The presidents of Colombia and Venezuela have agreed to restore diplomatic ties after a dispute over allegations that Caracas shelters Colombian leftist rebels.
Presidents Juan Manuel Santos of Colombia and Hugo Chaves of Venezuela agreed to "relaunch bilateral relations and re-establish diplomatic ties between the two countries based on transparent and direct dialogue," a joint statement issued after Tuesday's meeting said.
The two leaders expressed optimism that their first meeting would produce positive results.
Santos said he also received assurances from Chavez that the Venezuelan leader would not allow guerrilla groups to set up camp inside his borders.
Chavez severed diplomatic relations with Colombia on July 22 after the government of Alvaro Uribe, Santos' predecessor, publicly presented photos, videos and maps of what it said were camps inside Venezuela that belonged to the Revolutionary Forces of Colombia (Farc) rebel group.
Chavez accused Uribe of lying and trying to stir up a conflict in his final days in office.
Al Jazeera's Teresa Bo, reporting from Santa Marta said that the topic Venezuelan support for the Farc was not discussed.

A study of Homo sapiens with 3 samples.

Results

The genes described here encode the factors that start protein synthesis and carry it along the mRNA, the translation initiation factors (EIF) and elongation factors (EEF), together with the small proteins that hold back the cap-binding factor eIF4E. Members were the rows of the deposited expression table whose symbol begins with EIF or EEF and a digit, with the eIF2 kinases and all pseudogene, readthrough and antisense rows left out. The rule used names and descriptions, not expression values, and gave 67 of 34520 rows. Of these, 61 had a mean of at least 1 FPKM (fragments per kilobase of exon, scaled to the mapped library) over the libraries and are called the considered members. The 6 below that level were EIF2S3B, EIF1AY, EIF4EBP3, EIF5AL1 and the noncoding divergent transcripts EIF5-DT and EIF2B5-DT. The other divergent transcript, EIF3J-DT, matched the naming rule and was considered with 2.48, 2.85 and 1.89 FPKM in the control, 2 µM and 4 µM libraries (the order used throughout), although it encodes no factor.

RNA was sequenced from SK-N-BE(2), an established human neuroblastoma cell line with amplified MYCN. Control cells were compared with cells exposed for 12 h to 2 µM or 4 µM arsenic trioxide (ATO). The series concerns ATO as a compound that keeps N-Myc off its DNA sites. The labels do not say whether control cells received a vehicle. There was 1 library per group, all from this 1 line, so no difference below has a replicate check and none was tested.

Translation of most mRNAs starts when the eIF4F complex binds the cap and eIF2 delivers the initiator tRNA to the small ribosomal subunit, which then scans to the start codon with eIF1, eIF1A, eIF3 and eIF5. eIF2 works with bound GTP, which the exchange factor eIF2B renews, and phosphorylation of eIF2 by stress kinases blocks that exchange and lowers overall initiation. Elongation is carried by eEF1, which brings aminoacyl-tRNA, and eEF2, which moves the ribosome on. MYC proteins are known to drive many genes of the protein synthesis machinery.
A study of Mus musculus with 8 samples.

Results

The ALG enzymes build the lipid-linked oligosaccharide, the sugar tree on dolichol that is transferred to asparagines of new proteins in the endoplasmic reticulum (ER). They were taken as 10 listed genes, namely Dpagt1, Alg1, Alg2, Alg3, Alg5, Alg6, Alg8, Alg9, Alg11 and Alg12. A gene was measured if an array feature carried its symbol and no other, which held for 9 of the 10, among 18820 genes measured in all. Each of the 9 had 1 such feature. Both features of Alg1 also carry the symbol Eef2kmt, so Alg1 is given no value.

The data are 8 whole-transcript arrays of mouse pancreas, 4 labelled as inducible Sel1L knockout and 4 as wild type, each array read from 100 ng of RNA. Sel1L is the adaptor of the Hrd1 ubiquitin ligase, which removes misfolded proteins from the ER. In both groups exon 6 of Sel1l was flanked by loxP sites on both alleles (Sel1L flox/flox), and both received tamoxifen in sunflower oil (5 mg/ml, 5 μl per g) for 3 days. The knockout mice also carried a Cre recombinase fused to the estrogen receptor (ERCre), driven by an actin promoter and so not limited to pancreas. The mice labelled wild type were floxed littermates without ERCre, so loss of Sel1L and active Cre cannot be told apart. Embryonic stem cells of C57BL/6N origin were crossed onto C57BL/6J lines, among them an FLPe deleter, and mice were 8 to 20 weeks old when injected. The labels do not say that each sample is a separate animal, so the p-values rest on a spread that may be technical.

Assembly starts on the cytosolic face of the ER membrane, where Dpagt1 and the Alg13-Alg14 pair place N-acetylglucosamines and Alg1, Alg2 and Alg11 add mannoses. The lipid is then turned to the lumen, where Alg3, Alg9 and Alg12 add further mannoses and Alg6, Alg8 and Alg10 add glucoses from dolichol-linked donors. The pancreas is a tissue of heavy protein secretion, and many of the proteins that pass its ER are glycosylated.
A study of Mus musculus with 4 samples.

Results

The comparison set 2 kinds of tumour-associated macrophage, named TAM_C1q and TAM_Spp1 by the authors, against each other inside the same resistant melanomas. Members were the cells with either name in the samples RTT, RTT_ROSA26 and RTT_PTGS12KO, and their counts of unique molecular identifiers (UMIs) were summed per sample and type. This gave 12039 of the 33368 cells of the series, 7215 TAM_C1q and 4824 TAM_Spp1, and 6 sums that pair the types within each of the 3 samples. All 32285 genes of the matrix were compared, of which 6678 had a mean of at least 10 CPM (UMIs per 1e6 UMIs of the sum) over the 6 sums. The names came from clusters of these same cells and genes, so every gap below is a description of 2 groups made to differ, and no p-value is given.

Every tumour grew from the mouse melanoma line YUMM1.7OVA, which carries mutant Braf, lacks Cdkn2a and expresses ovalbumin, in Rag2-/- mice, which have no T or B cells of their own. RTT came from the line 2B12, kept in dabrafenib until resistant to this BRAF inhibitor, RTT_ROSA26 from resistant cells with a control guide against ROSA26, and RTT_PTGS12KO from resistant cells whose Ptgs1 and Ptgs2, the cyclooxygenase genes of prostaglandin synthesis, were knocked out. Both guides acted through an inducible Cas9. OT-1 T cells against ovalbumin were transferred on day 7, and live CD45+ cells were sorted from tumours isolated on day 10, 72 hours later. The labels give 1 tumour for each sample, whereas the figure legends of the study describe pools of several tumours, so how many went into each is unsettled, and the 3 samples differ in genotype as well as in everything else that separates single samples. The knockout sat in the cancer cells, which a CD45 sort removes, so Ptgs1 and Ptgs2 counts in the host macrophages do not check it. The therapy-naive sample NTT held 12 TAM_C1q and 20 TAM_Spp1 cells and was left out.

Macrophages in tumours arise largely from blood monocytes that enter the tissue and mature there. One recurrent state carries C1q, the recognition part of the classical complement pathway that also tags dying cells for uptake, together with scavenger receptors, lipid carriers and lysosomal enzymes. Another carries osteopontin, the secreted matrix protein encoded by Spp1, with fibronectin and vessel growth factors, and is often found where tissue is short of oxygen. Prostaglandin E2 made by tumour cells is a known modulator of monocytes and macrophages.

"It is a very sensitive topic at this point in time, and this meeting was mainly a common pledge to restore diplomatic relation between the countries."
Trade between the neighbouring countries had already fallen dramatically in the past year as relations deteriorated.
Relations between Colombia and Venezuela already suffered in July 2009, when Chavez froze ties after Bogota agreed to give the United States access to seven military bases to fight cocaine production and trafficking.
Colombian foreign minister Maria Angela Holguin said the leaders were likely to discuss the bases, but that the sensitive issue of the alleged presence of the Farc leadership on Venezuelan soil was unlikely to arise yet.
More immediate concerns of the return of ambassadors and the reopening pf borders to bilateral trade were expected to be the main focus.
Trade between the South American neighbours - $6bn in 2008 - fell precipitously during the dispute, hurting economies on both sides of their 2,000km border.